The Saskatchewan government has introduced legislation that it says would enable it to stop remitting the federal carbon tax on natural gas bills while providing legal protection for those at its energy Crown corporation.
The Saskatchewan Party government announced last month that SaskEnergy would stop remitting the carbon tax on natural gas on Jan. 1 in response to Ottawa’s decision to pause the tax on home heating oil.
The federal move largely helps those in Atlantic provinces, where it’s a main source for home heating, and Saskatchewan and other provinces have said it’s unfair natural gas hasn’t been treated similarly.
The bill introduced in the legislature on Thursday would designate the province as the sole registered distributor of natural gas in Saskatchewan.
It says it would protect the Crown corporation, all of its current and former directors, officers, employees and other associates from legal consequences of not remitting the tax.
Federal law says corporations that fail to remit the carbon tax could face steep fines, and its executives could also get jail time.
“I think what we’ve tried to do is provide as much assurance as we can,” Dustin Duncan, the minister responsible for SaskEnergy, said about the bill.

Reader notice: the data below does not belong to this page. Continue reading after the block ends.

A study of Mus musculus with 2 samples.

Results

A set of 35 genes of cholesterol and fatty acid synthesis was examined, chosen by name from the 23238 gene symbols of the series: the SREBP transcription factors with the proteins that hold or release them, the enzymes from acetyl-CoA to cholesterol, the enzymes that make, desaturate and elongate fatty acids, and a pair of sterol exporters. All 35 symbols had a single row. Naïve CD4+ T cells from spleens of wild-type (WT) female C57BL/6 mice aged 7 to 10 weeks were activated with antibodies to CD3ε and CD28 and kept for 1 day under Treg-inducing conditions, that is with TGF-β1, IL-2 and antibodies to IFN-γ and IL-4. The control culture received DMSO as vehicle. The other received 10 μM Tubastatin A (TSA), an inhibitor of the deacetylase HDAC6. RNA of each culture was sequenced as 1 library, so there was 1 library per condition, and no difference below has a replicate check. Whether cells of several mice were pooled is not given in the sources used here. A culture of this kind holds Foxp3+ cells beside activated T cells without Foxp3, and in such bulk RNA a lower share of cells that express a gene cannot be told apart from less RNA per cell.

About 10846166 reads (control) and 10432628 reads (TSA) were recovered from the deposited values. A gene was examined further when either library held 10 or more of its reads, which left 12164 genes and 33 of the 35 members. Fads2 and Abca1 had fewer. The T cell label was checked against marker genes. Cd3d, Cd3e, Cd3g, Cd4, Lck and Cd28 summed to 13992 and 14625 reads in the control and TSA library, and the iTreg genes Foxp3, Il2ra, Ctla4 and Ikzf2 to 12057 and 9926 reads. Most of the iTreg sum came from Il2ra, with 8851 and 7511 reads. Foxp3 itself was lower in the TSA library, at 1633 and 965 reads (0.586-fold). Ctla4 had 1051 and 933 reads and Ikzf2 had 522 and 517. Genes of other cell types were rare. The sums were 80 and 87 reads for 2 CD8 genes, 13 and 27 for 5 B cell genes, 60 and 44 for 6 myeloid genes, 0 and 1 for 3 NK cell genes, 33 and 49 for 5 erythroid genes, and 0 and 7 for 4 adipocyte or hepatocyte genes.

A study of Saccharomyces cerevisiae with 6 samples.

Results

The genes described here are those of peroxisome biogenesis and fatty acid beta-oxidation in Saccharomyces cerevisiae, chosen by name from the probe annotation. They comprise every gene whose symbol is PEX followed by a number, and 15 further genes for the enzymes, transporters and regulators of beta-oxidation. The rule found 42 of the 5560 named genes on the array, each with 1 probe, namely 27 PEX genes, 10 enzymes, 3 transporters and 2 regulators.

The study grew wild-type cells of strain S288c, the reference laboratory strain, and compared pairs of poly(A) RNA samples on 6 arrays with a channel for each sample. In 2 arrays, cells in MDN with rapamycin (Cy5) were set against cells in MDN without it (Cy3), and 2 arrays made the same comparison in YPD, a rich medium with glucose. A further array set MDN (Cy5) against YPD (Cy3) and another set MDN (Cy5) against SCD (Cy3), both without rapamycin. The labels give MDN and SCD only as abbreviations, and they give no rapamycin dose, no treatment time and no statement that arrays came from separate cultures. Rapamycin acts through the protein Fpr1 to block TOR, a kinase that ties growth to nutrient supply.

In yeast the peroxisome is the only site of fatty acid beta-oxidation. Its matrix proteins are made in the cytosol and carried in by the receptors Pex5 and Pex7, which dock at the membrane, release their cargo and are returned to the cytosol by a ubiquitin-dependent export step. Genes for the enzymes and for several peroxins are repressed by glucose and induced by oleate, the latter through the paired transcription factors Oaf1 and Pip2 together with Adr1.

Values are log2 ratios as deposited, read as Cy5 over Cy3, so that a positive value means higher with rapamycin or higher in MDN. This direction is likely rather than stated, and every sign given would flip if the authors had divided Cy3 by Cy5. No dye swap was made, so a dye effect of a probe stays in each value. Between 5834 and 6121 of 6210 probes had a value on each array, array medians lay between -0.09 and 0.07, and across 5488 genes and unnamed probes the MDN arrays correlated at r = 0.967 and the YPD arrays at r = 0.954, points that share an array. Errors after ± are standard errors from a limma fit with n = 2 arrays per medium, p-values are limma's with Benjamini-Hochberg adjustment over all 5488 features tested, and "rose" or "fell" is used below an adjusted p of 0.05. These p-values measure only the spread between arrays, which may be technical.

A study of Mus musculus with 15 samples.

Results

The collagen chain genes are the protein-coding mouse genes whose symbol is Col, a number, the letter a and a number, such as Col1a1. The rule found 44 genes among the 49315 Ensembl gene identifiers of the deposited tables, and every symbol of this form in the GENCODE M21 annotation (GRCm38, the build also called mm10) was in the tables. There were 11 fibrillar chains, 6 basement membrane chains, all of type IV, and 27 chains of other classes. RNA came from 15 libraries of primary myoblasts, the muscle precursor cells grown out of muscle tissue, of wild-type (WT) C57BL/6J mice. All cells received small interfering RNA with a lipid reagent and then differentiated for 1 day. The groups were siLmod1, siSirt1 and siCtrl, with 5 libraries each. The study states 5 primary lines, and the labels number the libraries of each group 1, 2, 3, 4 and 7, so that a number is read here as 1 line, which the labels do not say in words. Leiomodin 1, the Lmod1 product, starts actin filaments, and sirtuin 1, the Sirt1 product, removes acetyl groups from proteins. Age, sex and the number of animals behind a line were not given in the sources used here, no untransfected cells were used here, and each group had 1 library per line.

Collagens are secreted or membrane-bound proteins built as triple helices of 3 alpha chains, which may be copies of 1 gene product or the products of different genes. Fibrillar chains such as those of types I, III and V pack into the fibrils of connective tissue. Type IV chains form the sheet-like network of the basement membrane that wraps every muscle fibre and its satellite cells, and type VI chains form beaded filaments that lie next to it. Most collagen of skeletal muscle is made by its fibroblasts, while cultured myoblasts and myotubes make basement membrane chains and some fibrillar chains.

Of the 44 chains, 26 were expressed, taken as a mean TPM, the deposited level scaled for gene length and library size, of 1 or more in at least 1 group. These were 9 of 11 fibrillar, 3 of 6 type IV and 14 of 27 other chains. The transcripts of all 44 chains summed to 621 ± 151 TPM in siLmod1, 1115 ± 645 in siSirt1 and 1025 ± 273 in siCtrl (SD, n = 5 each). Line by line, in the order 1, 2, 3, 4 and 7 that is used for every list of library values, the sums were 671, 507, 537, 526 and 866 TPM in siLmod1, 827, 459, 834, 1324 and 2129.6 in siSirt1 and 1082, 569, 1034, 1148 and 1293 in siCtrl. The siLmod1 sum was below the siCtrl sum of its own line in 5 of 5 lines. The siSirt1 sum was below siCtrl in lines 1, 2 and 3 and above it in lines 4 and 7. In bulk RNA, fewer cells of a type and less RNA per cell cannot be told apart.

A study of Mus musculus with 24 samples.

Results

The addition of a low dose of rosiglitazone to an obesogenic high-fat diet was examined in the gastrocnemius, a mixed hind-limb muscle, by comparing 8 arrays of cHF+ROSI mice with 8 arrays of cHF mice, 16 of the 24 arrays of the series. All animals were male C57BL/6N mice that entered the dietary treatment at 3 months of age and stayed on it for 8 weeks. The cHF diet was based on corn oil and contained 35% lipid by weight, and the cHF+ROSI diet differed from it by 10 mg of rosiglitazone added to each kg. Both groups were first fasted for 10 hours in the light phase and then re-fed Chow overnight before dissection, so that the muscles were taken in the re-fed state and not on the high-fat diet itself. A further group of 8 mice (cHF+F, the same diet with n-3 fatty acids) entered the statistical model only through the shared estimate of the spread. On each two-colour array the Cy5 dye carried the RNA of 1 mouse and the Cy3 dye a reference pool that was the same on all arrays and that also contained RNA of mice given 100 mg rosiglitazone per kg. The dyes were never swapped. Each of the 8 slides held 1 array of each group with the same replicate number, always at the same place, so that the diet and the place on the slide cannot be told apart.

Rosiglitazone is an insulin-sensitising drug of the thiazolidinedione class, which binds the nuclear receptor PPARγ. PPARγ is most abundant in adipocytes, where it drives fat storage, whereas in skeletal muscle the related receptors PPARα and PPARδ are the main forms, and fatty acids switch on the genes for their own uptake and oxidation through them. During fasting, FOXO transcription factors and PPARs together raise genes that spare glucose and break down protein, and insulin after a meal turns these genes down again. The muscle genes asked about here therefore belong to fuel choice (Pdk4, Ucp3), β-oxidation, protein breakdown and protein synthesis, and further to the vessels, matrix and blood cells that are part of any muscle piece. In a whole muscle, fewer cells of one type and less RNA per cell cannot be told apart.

“This will be the government that will be making the decision in the event that we get to the point of not remitting the carbon tax.”
He said he’s hired personal legal counsel over the matter and it’s expected the province will cover the cost of his lawyers.
Duncan previously said he’s willing to go to “carbon jail” for not remitting the tax.
Donna Harpauer, the province’s deputy premier, has spoken with Deputy Prime Minister Chrystia Freeland about the issue, said Duncan.
“At this point, all indications are that there weren’t going to be any more carve outs, but we’re hopeful that will change,” he said.
The federal government did not immediately respond to a request for comment.
The Saskatchewan government says removing the federal carbon tax from SaskEnergy bills would save the average family in the province $400 next year.
This report by The Canadian Press was first published on Nov. 16, 2023.